Work of the Week – February 3, 2014

Monday, February 3, 2014


by Adrian Etheridge

In art education and art history education, typically a lecturer introduces a piece by giving a biographical sketch of the artist’s life. This is customary practice for a reason: Information about an artist’s influences and experiences can greatly enhance the viewer’s understanding of a work of art. For instance, drawing from my previous posts, knowledge that Henry Hammond Ahl studied in Munich and France explains his affinity for Barbizon and Impressionistic techniques, as he focuses on tonal quality and open composition. And familiarity with Sigmund Abeles’ childhood, that he grew up drawing statues, enlightens his audience to the figural subject matter present in almost all of his work.

So, how does viewing an “anonymous” piece with no explicating information about the creator change our view of the work? There are millions of works of art without designated creators, yet many of them go unnoticed because they are not associated with an artist to promote and enhance the credibility of the work. But, some pieces make their way into the warm acceptance of museum galleries and house halls. Mother and Child, a wooden sculptureĀ  showing two figures is one such piece residing in the Asheville Art Museum’s Permanent Collection.

Seeing an anonymous piece raises many questions – the first of which is usually, “I wonder who made this?” Viewers may never get that answer, but there are many more interesting questions. For instance, we have the year – around 1900 – yet we do not know the location. While it would be fairly easy to determine the type of wood used, and subsequently the general location of the harvested materials, this can only lead us to a guess of where the sculpture was created. After all, the artist could easily have imported wood.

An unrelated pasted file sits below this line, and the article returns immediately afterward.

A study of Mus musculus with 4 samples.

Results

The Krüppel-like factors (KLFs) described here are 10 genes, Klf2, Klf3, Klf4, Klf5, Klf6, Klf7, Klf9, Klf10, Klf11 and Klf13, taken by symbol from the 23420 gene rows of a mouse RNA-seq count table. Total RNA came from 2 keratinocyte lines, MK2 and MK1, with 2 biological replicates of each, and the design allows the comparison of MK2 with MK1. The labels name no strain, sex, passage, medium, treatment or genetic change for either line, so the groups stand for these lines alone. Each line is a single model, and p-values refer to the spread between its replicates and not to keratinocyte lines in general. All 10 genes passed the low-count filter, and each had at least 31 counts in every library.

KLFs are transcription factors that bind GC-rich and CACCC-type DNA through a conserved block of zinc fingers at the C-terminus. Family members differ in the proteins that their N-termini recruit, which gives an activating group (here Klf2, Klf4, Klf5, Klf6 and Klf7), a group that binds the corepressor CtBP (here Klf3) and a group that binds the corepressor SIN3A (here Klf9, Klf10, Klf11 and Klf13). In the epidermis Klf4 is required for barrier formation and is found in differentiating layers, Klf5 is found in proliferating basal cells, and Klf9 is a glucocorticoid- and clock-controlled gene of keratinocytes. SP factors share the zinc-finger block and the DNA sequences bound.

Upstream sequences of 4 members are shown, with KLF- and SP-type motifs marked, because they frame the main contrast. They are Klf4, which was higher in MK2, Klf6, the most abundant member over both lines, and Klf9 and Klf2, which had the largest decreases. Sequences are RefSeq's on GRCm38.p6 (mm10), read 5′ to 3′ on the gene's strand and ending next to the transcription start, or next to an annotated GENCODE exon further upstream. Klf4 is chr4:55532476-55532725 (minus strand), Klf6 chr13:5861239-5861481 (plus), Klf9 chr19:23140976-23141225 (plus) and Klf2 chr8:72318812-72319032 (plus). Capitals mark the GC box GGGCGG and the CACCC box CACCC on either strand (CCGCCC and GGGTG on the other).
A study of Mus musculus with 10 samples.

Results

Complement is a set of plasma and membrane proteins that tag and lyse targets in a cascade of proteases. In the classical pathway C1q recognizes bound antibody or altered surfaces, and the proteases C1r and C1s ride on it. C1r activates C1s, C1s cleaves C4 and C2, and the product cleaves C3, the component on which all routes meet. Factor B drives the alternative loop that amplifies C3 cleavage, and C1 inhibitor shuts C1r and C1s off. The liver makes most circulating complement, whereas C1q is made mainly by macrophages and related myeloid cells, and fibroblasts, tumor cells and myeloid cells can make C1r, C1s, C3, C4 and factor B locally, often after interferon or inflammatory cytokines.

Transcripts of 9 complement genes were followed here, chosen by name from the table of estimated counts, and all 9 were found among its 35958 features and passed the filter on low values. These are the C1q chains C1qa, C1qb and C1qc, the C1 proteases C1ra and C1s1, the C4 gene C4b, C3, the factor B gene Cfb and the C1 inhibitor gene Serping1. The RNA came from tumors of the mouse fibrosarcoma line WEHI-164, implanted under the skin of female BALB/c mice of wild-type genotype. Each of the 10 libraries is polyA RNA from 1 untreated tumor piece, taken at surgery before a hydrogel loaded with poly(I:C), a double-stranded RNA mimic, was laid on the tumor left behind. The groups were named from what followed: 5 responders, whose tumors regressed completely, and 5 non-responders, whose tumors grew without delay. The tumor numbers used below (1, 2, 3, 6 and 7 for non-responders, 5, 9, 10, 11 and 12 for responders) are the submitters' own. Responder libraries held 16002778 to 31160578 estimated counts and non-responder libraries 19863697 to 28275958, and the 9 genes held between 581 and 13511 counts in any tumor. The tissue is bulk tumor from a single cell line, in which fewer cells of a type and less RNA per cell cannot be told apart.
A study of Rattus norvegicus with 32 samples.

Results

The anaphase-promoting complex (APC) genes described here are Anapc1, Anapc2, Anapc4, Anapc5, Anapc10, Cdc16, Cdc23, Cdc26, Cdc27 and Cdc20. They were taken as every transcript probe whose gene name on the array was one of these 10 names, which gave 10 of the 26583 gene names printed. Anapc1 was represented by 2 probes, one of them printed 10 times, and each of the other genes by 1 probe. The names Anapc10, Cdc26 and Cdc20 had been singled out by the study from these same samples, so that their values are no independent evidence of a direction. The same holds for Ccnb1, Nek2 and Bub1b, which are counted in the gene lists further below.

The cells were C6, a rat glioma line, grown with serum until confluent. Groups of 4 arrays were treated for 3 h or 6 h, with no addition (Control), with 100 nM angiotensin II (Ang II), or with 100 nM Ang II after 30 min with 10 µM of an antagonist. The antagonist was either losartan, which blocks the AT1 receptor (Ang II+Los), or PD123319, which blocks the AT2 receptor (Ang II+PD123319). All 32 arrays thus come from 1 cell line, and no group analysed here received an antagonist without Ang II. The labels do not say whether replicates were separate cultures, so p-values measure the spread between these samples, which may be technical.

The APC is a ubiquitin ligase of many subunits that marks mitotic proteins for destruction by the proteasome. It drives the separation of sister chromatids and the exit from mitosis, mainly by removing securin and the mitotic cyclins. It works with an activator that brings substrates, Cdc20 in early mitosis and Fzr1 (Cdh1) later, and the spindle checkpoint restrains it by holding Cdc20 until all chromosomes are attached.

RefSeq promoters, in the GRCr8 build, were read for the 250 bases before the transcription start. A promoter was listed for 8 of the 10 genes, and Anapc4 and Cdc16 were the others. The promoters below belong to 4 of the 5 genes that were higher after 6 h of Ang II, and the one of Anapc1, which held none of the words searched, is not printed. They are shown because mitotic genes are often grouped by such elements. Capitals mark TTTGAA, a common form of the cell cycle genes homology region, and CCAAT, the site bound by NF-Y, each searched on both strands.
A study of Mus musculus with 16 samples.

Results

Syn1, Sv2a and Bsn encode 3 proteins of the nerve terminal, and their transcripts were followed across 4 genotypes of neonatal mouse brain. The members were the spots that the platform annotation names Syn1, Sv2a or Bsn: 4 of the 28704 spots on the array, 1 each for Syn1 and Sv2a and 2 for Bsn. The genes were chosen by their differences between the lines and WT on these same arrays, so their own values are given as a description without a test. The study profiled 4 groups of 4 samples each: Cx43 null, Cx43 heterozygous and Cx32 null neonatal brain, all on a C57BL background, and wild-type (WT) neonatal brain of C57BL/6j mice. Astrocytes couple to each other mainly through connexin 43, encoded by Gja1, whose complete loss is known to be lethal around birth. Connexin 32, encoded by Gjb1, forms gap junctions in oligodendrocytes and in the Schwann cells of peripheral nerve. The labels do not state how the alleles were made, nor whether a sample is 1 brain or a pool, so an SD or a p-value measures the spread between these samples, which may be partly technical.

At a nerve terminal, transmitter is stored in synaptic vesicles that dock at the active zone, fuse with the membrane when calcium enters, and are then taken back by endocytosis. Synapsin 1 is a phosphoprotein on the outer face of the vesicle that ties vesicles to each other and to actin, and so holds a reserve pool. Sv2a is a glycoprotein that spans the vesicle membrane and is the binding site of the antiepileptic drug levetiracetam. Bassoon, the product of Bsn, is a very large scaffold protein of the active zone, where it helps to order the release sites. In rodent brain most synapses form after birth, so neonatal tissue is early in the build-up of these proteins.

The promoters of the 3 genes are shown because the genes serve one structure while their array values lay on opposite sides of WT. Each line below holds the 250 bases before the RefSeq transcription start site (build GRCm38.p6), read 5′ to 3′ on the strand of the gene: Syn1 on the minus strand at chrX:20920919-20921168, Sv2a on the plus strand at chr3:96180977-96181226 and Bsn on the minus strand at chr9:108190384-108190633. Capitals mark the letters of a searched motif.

Moving on; “What tools did the artist use?” is slightly easier to answer. Presumably, the artist used some sort of knife, and given the hand and face details as well as the deep cuts of the mother’s limbs, it was a small and easily-maneuverable one. And as smooth as the piece looks with only a few very specifically-placed rough lines for the hair, the artist may have used some sort of sand paper to give it a figural feel.

“Why did the artist create this particular work?” is one query that viewers may neverĀ  have answered, regardless of the degree of anonymity or fame of the artist. Here, we can only guess that the artist wanted to depict a mother holding her child on her lap, presumably caring for the child. The mother has a peaceful look on her face, with even and inexpressive features that show that she at least is not outwardly unhappy or stressed. The child has comparably the same placid look, demonstrating that whatever care the mother is taking of the child pleases the baby. While the wooden figures may seem abstract at first glance, with further study the lack of descriptive lines may actually allude to the comfortable love between a mother and child, and the soothing bond between the two literal and metaphorical characters.

Of all of these, why the artist remains anonymous is probably the most interesting and puzzling question to me. Maybe the artist simply did not feel the need to be named. Or, perhaps, this is a lost work of someone (famous or not) that an art enthusiast found and loved. The latter certainly is a more romantic notion of the mystery surrounding the anonymity of the work. Whatever the reason for the artist remaining unnamed, it is a beautiful look at the bond between mother and child.

Artwork above: Anonymous, Mother and Child, 1900 ca, Wood,19.50 x 15.5 x 17.5 inches. Gift of Byron R. Cheadle, Washington DC. Permanent Collection. 2001.11.06.32.